The issues raised not only illustrate how easy it is to misconfigure AWS, but also highlight a gap between mature Active Directory deployments and how to migrate to cloud-native IT architectures.
Lightspin said it had discovered that AWS identity and access management (IAM) rules do not work the same way as rules in Microsoft Active Directory for Windows-based security or other authorisation mechanisms.
In a blog post describing the risks, CTO Or Azarzar described how a security administrator can set up explicit permissions for Windows Groups, which cannot be overridden by users of that group. “We then look at IAM, where this is not the case,” he said.
This means that even if the admin explicitly configures the group to deny access to certain people, the configuration only impacts group actions and not members of the group. The implication of group policies not propagating down to individual users opens organisations up to misconfiguration and vulnerabilities, Azarzar warned.
The risk is that security admins may wrongly assume the process of configuring IAM on AWS is the same as for Active Directory on Windows.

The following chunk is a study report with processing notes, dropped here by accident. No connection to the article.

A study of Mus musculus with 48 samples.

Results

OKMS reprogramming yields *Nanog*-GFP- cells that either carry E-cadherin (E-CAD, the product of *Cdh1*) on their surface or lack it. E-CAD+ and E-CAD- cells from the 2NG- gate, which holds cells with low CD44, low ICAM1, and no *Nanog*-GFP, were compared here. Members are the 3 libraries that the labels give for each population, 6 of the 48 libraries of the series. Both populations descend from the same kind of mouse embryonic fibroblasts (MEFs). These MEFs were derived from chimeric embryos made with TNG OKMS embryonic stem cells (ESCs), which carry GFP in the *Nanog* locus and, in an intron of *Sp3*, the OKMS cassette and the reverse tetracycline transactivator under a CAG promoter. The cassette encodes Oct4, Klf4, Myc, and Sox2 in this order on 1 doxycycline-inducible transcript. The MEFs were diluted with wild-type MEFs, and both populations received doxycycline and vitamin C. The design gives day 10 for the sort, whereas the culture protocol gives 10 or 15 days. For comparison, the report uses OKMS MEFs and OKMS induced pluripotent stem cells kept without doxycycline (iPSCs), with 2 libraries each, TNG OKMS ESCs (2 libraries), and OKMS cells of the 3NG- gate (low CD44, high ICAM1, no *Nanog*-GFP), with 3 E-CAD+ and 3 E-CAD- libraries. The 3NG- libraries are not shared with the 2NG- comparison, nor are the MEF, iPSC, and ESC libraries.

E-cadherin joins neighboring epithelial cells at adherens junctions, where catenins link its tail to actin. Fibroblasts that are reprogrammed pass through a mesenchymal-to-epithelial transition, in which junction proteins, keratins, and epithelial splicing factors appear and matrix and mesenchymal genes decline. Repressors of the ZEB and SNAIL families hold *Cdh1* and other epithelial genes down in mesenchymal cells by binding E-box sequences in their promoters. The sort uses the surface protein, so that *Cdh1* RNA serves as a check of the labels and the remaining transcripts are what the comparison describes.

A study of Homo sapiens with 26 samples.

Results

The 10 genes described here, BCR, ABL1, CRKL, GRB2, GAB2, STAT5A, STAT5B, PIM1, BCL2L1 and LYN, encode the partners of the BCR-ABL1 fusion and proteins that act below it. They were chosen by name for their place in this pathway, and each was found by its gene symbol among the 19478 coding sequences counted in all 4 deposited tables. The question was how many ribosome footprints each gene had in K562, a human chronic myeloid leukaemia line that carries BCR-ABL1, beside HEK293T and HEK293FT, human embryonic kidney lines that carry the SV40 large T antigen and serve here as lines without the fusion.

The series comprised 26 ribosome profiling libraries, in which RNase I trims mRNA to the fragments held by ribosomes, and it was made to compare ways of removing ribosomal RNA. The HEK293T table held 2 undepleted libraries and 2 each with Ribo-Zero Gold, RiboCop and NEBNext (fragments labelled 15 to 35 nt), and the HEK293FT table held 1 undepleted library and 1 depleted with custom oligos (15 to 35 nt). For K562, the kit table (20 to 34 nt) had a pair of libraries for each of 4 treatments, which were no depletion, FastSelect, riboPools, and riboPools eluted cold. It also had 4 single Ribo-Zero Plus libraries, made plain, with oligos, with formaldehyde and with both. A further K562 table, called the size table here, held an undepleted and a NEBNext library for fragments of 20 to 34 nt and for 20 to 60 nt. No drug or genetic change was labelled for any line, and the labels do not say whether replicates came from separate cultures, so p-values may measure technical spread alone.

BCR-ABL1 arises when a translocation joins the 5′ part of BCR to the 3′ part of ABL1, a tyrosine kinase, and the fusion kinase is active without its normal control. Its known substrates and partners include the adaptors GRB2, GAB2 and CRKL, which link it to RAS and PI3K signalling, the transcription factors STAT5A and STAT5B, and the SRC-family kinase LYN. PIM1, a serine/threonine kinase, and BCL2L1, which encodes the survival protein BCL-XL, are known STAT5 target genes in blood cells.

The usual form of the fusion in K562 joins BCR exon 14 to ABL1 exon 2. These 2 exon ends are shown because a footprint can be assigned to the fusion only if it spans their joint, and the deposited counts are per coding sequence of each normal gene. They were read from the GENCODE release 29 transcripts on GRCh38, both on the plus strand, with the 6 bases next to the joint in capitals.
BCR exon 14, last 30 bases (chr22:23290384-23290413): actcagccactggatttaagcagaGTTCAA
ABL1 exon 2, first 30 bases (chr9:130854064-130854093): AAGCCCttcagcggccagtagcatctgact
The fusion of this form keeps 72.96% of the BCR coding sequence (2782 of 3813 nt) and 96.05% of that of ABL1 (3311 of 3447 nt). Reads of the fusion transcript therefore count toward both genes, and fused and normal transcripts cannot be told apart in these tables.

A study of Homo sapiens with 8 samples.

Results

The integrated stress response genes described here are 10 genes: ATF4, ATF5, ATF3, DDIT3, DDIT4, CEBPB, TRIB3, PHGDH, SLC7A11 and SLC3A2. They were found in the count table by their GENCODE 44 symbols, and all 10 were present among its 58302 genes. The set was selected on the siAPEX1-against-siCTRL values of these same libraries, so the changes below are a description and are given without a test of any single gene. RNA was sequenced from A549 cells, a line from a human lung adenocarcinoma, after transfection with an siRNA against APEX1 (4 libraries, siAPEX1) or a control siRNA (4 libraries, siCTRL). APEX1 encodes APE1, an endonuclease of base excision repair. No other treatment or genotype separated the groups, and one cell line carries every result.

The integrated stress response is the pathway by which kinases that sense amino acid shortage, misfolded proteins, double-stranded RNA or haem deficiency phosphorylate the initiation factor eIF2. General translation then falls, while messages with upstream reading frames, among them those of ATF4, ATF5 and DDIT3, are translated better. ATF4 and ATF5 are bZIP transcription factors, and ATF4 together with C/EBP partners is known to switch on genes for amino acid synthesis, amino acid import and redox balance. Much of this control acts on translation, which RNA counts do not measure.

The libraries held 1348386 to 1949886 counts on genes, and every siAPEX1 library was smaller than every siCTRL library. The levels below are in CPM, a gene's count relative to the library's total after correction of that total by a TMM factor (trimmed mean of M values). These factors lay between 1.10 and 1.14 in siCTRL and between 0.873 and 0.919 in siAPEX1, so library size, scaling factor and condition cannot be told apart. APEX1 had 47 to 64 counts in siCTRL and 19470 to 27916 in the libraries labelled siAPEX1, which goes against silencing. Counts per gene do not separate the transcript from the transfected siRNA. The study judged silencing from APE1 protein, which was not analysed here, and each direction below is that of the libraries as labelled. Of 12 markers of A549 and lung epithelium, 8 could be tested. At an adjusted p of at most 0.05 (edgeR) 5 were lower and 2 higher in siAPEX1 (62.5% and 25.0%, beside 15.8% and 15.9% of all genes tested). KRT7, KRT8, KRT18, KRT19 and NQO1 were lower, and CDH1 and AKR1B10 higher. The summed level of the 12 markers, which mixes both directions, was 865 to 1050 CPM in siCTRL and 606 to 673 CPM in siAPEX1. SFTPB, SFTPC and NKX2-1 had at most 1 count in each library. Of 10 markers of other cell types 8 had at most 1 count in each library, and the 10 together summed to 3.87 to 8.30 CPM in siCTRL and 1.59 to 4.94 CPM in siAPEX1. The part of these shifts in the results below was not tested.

This gap between AWS IAM user and group policies could be exploited by an attacker to take over accounts, delete group members, steal data and shut down services. Lightspin claimed its research team was able to compromise dozens of accounts by using this technique.
AWS said the approach it takes in IAM is by design, and not an error. AWS treats groups as separate objects. A spokesperson that this means IAM does not treat a user as part of a group when it comes to deny rules.
The differences between AWS IAM and Active Directory means organisations need to pay close attention when replicating rules.
“Initially, we believed this vulnerability was an isolated case,” said Vladi Sandler, CEO at Lightspin. “However, upon further investigation, we found that in many cases, users could perform actions that system administrators believed were denied when they configured group security configurations. This makes users’ accounts that were believed to be safe, easy to infiltrate.”
Lightspin found that half the organisations contacted had incorrect AWS IAM configurations, which could be compromised if a user’s account was hacked.
The IT industry generally recognises the difficulty in migrating a mature on-premise Active Directory deployment to the public cloud. Transferring user profiles and retaining access and policy controls can be error-fraught. The Lightspin example illustrates just how easily a migration assumption can leave organisations at risk.
The company has developed an open-source scanner that reports when user permissions are loosely defined, opening up an attack path for hackers.